In a fresh twist to the four decade-old Samba spy case, the Supreme Court on Thursday quashed a Delhi High Court order and held the termination of six Army officers, including three Majors, was valid on charges of espionage in the 1970s.
The High Court on December 21, 2000, had given a clean chit to nine officers accused of spying for Pakistan in Samba sector of Jammu and Kashmir between 1972 and 1978. It had set aside the termination order, holding no material establishing their involvement in the espionage, was brought on record. The Ministry of Defence had moved the Supreme Court against the verdict.
On Thursday, a bench of Justices B S Chauhan, J Chelameswar and M Y Eqbal held that the HC order was bad in law and on facts since it did not just hear an issue already settled by the apex court in 1980 in a related matter. The SC also noted that the verdict erroneously interfered with the President’s power to remove the Army officers.
Allowing a bunch of appeals by the MoD, the apex court noted that no fault could be found with the termination on espionage charges, since the suggestions and recommendations had gone up to the level of the Defence Ministry and the Prime Minister and eventually the President.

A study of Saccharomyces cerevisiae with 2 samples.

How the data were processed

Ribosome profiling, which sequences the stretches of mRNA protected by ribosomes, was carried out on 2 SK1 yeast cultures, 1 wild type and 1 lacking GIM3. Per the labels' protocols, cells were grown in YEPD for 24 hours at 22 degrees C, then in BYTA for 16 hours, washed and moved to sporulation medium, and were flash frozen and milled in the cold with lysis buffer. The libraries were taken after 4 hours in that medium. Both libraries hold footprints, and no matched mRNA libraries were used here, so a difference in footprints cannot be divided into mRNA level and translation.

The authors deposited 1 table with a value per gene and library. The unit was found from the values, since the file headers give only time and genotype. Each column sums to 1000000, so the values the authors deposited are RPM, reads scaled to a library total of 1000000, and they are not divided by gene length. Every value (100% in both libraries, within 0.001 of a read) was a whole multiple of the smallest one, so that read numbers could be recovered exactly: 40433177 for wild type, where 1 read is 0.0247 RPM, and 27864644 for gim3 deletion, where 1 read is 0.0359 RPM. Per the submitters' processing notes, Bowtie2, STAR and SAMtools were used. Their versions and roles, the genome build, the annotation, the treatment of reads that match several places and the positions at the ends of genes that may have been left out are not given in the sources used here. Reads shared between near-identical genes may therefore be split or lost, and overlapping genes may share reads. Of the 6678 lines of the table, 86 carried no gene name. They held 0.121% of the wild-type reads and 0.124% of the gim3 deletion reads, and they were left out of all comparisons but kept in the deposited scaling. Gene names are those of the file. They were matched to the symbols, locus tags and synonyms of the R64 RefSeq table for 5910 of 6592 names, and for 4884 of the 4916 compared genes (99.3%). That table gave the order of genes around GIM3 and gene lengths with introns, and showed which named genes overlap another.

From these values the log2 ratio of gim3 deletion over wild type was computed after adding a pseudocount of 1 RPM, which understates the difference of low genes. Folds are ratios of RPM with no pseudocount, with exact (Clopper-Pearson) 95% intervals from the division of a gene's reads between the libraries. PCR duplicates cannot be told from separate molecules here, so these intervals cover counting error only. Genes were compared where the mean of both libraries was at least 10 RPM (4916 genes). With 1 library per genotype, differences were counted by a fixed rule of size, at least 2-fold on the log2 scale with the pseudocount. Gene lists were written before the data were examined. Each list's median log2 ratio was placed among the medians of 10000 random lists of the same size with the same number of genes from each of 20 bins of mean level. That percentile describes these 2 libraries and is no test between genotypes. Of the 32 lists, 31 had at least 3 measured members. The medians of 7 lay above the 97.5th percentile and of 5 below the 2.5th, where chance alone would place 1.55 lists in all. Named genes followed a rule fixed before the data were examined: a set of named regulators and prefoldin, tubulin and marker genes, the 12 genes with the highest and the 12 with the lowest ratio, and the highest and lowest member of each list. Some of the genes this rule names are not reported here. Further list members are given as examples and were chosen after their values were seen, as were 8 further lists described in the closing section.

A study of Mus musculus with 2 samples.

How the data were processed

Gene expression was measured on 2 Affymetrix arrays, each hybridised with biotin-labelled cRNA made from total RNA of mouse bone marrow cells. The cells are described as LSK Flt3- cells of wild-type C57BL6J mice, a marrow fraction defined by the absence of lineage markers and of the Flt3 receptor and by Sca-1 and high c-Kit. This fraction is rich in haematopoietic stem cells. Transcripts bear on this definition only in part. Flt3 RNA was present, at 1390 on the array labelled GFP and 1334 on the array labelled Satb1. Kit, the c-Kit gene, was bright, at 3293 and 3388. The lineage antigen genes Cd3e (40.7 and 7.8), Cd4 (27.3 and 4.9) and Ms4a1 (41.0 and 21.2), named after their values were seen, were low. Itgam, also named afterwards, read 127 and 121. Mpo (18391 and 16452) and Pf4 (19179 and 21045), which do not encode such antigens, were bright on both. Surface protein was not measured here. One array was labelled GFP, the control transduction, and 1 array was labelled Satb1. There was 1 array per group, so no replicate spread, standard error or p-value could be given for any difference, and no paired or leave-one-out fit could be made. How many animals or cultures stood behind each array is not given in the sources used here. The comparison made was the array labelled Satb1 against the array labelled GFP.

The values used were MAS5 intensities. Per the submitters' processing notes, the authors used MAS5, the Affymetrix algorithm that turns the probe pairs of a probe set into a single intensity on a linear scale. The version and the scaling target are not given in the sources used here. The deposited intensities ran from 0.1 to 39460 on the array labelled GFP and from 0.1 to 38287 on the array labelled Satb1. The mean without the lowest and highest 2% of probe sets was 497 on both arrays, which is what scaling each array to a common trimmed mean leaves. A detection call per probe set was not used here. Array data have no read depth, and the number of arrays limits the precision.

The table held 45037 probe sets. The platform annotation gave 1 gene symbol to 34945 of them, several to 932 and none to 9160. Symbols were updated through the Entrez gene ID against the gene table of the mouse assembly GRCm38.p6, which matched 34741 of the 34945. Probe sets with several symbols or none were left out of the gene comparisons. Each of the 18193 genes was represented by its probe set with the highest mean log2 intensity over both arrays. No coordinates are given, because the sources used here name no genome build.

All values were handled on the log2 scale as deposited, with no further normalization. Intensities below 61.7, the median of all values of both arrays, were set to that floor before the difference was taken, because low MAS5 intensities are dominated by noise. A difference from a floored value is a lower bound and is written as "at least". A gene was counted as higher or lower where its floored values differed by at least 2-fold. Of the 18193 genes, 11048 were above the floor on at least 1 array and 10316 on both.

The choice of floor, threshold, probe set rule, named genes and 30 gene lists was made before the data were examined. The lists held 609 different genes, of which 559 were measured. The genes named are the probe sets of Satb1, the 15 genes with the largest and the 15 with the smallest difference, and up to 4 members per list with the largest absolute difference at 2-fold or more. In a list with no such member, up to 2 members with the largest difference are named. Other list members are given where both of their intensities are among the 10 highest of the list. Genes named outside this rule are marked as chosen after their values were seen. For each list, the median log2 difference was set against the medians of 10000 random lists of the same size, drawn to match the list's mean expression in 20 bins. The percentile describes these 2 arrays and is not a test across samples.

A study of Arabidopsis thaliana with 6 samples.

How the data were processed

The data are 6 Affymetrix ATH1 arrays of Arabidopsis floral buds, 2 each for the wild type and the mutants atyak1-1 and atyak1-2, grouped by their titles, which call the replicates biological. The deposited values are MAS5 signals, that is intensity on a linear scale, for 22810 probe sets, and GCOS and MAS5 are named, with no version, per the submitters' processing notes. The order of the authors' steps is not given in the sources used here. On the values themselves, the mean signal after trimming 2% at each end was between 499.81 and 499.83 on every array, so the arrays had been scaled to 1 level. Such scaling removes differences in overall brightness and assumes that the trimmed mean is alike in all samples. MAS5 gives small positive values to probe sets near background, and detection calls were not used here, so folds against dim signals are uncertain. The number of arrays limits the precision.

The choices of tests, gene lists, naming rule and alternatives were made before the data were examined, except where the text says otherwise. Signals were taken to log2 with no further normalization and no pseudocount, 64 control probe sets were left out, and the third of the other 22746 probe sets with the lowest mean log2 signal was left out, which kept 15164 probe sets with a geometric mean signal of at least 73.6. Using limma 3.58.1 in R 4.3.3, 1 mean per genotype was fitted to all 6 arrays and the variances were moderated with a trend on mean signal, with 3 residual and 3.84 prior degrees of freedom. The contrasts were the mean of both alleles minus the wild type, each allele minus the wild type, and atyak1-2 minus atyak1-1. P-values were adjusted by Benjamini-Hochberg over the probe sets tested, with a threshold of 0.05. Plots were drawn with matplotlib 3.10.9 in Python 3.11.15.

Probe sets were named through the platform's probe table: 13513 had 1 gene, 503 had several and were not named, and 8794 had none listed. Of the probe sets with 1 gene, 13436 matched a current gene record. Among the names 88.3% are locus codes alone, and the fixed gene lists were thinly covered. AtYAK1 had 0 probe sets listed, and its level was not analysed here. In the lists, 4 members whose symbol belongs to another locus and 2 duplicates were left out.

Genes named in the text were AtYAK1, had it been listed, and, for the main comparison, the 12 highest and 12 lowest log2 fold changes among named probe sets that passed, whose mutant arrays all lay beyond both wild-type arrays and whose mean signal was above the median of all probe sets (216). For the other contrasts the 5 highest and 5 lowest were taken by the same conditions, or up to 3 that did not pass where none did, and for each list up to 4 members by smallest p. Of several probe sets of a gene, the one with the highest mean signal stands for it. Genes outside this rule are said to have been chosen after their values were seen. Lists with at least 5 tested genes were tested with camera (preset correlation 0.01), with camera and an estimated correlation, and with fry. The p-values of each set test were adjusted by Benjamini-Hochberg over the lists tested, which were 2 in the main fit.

“The link file further reveals that confessional statements of Captain Ashok Kumar Rana and other officers were also recorded, and strong prima facie case was found relating to the involvement of these officers in espionage activities and sharing information with the Pakistani intruders,” the court noted.
The officers affected by the SC order are: N R Ajwani, S P Sharma and R Kmidha (deceased) — all holding ranks of Major at that time, and Captains Arun Sharma, J S Yadav, V K Diwan and another officer.
The MoD had raised the question over the HC deciding the issue although the cases attained finality after the SC rejected their Special Leave Petitions against the dismissal order in 1981.
Between August 1978 and January 1979, around 50 people, working with the 168 Infantry Brigade and its subordinate units at Samba, were arrested for allegedly spying for Pakistan at the behest of the Directorate of Military Intelligence (MI). Probe involved practically the whole Officer cadre of the brigade.
Those arrested included a brigadier, three lieutenant colonels and a number of majors, captains, junior commissioned officers, non-commissioned officers, and personnel of other ranks, as well as 11 civilians. They were all taken into custody based on the statement of two self-confessed Pakistani spies — Sarwan Dass and Aya Singh, who worked as gunners in the Indian Army.
Victim told the judge that she was being forced to relive the incident as she was made to appear in court again.